The Federal Reserve would need to see a “notable change” in the labor market to consider pausing its withdrawal of stimulus, Janet Yellen told Congress on Tuesday.
Testifying for the first time since being sworn in as head of the central bank, Yellen admitted she was “surprised” by the two recent job reports that showed hiring growth well below economists' expectations.
But she stopped short of suggesting that the reports might cause the Fed to alter its planned “tapering” of bond purchases.
“We have to be very careful not to jump to conclusions,” she warned the House Financial Services Committee. “What would cause the committee to consider a pause is a notable change in the outlook.”
Yellen is stepping into the Fed’s top job at a critical time. Stocks in emerging markets have taken a beating recently, partly due to fears about how the Fed’s drawdown of its multibillion-dollar bond purchases will affect the global economy.
While Yellen is a new face atop the central bank, the longtime Fed official told lawmakers not to expect huge changes now that Ben Bernanke has left office.
The new chairwoman predicted a “great deal of continuity” at the Fed under her leadership. She noted that she was Fed vice chairwoman when the bank first embarked on its unprecedented rounds of stimulus, and said she will continue to back that approach.
Still, Yellen said that while the economy gained steam at the end of 2013, recovery in the jobs market is “far from complete.” And while unemployment is falling, Yellen highlighted other challenges for the unemployed.
“Those out of a job for more than six months continue to make up an unusually large fraction of the unemployed, and the number of people who are working part time but would prefer a full-time job remains very high,” she said in her opening testimony. “These observations underscore the importance of considering more than the unemployment rate when evaluating the condition of the U.S. labor market.”
Yellen’s latter point is particularly significant, as the unemployment rate, now at 6.6 percent, is near the 6.5 percent threshold the Fed once identified as the level that would need to be reached before officials would consider raising rates.
The Fed just recently began slowing down years’ worth of stimulus in the economy, and has months to go before it expects to completely end its monthly bond purchases. As such, few are expecting the Fed to be boosting rates any time soon.
Yellen emphasized that the economy is facing “extremely unusual” conditions, and downplayed the significance of the Fed threshold.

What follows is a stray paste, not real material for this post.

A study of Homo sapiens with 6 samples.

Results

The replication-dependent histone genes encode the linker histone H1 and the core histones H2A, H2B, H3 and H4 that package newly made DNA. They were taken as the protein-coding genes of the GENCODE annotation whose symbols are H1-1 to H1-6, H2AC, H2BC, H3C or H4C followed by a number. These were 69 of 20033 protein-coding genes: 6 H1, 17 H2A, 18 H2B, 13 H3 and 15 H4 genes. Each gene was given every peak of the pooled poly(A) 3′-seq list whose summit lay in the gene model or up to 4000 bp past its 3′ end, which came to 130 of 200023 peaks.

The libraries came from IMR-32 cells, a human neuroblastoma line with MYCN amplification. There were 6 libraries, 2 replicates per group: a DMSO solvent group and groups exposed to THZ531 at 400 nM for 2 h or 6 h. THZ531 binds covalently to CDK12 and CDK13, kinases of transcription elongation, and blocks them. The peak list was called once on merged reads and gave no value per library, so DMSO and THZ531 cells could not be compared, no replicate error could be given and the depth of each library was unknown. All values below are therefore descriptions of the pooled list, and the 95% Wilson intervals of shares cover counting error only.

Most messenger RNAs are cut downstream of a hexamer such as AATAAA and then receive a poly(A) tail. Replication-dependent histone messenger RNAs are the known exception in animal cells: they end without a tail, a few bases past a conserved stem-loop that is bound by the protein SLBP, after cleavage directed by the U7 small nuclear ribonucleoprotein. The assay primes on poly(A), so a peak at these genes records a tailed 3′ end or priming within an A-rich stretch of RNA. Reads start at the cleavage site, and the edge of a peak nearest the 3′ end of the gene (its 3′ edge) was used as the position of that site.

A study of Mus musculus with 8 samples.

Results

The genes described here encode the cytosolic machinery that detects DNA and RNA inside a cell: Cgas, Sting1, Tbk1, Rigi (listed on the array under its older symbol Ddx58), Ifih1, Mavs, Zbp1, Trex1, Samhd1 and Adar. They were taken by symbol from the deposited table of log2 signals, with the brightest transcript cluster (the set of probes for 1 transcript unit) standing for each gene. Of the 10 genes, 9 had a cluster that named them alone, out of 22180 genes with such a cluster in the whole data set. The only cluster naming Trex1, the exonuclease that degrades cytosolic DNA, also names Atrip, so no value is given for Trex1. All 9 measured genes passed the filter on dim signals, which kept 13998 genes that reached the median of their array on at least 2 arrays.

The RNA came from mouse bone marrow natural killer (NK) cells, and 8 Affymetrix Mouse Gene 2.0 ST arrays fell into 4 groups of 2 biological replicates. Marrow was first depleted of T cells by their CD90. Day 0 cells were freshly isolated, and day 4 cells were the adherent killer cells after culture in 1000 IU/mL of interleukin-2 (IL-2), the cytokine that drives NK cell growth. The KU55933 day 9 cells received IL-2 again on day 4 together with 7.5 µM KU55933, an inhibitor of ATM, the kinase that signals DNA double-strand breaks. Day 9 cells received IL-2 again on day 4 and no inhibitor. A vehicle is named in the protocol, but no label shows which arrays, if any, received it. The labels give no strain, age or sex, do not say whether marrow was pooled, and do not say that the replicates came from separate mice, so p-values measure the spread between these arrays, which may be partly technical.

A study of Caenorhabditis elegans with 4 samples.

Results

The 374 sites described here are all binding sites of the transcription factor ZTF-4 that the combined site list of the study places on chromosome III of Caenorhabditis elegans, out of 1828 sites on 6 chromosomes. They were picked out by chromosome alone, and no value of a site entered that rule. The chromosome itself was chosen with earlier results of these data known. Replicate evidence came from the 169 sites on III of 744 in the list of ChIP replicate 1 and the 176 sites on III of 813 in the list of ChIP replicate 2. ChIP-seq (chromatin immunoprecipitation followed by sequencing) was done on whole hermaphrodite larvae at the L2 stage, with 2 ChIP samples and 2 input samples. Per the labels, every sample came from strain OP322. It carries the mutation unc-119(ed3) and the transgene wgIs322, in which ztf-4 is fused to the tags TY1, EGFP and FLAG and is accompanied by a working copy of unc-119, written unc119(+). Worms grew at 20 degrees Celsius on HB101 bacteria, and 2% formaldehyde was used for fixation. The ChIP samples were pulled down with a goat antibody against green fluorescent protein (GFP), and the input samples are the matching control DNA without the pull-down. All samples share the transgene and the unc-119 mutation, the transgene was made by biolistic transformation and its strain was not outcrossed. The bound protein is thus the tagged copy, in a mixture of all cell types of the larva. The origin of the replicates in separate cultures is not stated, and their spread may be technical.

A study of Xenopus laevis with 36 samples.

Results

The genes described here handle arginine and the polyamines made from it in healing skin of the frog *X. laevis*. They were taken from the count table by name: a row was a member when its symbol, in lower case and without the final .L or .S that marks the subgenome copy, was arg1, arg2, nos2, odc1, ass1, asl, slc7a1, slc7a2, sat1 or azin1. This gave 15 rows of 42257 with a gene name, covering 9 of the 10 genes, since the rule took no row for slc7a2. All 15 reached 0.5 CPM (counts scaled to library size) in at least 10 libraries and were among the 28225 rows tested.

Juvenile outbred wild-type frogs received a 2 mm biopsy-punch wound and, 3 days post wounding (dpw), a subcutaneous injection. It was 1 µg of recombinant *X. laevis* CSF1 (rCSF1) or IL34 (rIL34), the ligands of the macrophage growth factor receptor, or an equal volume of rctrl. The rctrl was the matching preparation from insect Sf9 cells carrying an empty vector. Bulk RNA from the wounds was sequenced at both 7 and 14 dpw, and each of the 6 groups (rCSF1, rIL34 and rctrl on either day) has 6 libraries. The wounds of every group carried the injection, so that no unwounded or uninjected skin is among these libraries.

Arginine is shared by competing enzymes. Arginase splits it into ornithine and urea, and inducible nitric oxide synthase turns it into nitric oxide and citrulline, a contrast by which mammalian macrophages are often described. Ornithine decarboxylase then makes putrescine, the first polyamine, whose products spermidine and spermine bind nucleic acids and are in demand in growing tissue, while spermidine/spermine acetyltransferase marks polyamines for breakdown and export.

“When this economy has severe headwinds from the financial crisis ... we need to follow a different approach,” she said.
Yellen sought to portray herself as a continuation of the Bernanke era, facing criticism from Republicans who weren’t wild about the actions of her predecessor.
Republicans argued the Fed’s easy-money policies have punished savers with paltry interest income while enabling Washington profligacy by lowering the government’s borrowing costs.
They have also challenged the Fed’s efforts to implement portions of the Dodd-Frank financial reform law.
Like Bernanke before her, Yellen sought to steer clear of getting drawn into partisan congressional fights about the proper prescription for the economy. She dodged efforts from Democrats trying to get her to endorse further government investment instead of harsh cuts, while doing the same for Republicans who pushed her to sound the alarm on long-term deficits.
Lawmakers in both parties, however, took time to congratulate Yellen on her historic appointment as the first female head of the Fed, an institution that is entering its 100th year.
The one area where Yellen took a stand was on the growing bipartisan effort to subject the Fed’s monetary policy deliberations to full congressional review. The “audit the Fed” movement has gained ground in recent years, and the House passed legislation in the last Congress subjecting all the Fed’s operations to government review.
Like Bernanke before her, Yellen hotly contested such a legislative move, saying it would stifle debate among Fed experts and expose the independent institution to political pressure.
“What I don’t agree with and would strongly oppose is interfering with the independence of monetary policy by bringing political pressures to bear on the committee’s judgment about what is the appropriate way to implement monetary policy,” she said.
She noted that most of the Fed’s operations are already subject to outside review, with only its monetary policy decisions completely free of outside scrutiny.
— This story was last updated at 4:04 p.m.